The life of Fanny Brice, famed comedienne and entertainer of the early 1900s. We see her rise to fame as a Ziegfeld girl, subsequent career, and her personal life, particularly her relationship with Nick Arnstein.
Production Designer Gene Callahan had a small role as the tugboat Captain. His physical build and appearance (a distinctive beard) often resulted in his being cast in small parts. If he liked the producer and director, he would agree to perform in the film, otherwise he would decline the proposal. Producer Ray Stark and Callahan were always on the set during filming. Stark got Callahan to agree to play the tugboat Captain, in order to keep him available on the set. See more »
When Fanny runs out to greet the ship she expected to board at the last minute to meet Nick, she's seen at the East River. She boards a tugboat with a clear view of the Manhattan and Williamsburg Bridges in the background. In fact, all steamships then, and cruise liners now, leave from the west side of Manhattan -- from the Hudson River where at the time, there were no bridges to be seen. Now, the only bridge on the Hudson (and not yet built (1933) would have been the George Washington. See more »
The original theatrical version included an additional overture before the opening credits, an intermission after "Don't Rain On My Parade," and exit music after the end credits. These additional music pieces have been restored for the DVD release. See more »
Great early Streisand...a reminder of how Babs was before egomania set in...
Mention the name BARBRA STREISAND to me today and I can only think of the insane utterances she's made about President Bush and all Republicans and the war in Iraq and her stance as a Democratic activist. But back in '68, I was justly impressed with her work under William Wyler's firm direction in FUNNY GIRL.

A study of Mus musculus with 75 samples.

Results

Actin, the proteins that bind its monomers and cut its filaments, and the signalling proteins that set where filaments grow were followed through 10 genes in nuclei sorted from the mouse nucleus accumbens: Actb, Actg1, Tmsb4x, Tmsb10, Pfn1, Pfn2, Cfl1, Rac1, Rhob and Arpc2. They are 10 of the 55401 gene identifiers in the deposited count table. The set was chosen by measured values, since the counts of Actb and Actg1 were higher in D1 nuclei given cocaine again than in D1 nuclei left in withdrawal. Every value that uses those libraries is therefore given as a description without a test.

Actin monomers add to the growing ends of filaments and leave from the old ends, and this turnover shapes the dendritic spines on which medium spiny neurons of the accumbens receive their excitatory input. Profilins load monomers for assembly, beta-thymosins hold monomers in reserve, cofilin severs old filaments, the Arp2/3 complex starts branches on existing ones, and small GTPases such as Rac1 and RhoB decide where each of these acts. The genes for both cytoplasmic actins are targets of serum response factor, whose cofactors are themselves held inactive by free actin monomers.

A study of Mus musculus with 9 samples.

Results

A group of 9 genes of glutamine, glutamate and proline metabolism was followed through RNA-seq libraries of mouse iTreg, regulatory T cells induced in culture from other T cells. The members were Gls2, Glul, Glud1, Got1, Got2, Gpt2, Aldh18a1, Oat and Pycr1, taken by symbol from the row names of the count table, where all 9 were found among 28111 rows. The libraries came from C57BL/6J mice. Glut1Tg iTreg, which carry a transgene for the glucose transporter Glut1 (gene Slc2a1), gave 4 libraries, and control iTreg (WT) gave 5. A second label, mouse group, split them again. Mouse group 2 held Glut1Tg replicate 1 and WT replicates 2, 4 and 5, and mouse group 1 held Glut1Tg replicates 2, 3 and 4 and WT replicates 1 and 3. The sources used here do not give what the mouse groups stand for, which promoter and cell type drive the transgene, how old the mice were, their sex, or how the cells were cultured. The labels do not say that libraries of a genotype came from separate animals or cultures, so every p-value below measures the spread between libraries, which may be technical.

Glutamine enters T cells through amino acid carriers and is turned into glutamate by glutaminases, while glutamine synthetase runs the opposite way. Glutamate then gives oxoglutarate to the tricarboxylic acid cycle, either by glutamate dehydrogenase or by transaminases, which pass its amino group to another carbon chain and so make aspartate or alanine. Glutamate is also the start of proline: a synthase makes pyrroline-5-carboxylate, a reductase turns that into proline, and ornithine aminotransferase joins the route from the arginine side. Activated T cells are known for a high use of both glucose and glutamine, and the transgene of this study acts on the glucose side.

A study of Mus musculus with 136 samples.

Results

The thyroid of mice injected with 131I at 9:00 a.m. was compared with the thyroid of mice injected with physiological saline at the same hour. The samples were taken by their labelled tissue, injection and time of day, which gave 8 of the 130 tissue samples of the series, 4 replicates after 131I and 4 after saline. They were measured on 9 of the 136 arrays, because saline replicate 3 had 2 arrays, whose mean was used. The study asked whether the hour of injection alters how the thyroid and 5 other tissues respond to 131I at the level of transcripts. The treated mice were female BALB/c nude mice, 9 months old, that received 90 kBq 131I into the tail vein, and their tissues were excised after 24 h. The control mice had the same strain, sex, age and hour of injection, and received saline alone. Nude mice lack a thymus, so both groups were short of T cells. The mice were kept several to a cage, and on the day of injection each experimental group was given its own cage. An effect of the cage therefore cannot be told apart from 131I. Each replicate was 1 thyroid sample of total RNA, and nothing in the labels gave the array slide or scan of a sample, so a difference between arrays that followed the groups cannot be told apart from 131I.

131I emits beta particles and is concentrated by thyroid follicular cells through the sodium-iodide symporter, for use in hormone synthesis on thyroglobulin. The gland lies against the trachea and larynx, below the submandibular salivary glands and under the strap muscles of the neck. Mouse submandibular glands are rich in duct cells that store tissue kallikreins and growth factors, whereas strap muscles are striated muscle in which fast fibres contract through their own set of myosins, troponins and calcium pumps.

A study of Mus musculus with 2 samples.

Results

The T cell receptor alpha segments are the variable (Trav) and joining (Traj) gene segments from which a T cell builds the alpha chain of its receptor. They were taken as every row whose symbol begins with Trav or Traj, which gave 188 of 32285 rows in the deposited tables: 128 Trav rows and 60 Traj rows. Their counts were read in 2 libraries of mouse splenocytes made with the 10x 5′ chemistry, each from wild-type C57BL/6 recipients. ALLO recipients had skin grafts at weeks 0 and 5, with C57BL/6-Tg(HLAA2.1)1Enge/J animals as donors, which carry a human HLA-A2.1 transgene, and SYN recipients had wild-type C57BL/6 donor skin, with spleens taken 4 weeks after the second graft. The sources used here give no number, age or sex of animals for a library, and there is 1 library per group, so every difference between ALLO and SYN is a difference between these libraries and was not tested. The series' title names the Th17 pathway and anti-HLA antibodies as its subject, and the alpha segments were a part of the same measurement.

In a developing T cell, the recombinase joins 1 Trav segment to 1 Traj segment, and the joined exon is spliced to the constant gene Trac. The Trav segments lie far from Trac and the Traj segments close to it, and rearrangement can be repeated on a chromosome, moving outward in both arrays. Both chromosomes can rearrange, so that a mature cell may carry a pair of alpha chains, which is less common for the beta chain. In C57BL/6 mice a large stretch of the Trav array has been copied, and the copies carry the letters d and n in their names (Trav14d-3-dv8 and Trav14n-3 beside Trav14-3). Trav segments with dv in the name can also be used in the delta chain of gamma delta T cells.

Watching it again, I haven't changed my opinion. Her Fanny Brice is indeed as perfectly in character as any musical star performer in memory and she carries the film to heights it never would have reached with a less gifted actress/singer. Sad to say, this can't be said of her later characterizations.
I don't understand criticism leveled at OMAR SHARIF as Nicky Arnstein. He looks magnificent, even if his singing voice leaves something to be desired, and plays his role extremely well. The chemistry between him and Streisand is evident, giving credence to the rumor of an affair while filming. Their duet in "You Are Woman, I Am Man" is deliciously staged in a fancy restaurant setting. In fact, all of the settings glow under the technicolor lights.
The score is riddled with fascinating show tunes, all of them sung and staged in the best manner possible. I particularly enjoyed the early Roller Skate Rag where Streisand's comic abilities are shown off to such advantage. The supporting players do outstanding jobs, including Kay Medford as her Jewish mother and Walter Pigeon as Flo Ziegfeld whose first encounter with Streisand is played for laughs while establishing the boundaries between them. Poor Anne Francis is given only limited screen time, but even she is worth watching in a role that must have suffered from too much editing. And Streisand's first big scene in a Ziegfeld musical is hilarious, hiding a pillow beneath her wedding gown to the extreme shock of Mr. Ziegfeld while the chorus girls can hardly stifle their laughter.
Highly recommended as a film musical that put Streisand on the map. She even looks beautiful in certain close-ups and camera angles, glowing under the artistry of cameramen skilled in photographing her imperfect face in the most flattering manner. As noted by others, the hairdos and styling do not always suggest the 1920s period, but in a musical where so much talent is on display, it hardly matters.
What is really striking is that Streisand is so confident and assured in every phase of her performance that it is hard to believe this was her first chore before the cameras. How much of this is due to the craftsmanship of William Wyler, I don't know. Her work here has to be ranked as one of the greatest acting "firsts" ever for a musical star performer. Streisand fully deserved the Oscar and should not have been in a tie with the much over awarded Katharine Hepburn's LION IN WINTER--as annoyingly false as any of Hepburn's later performances were bound to be.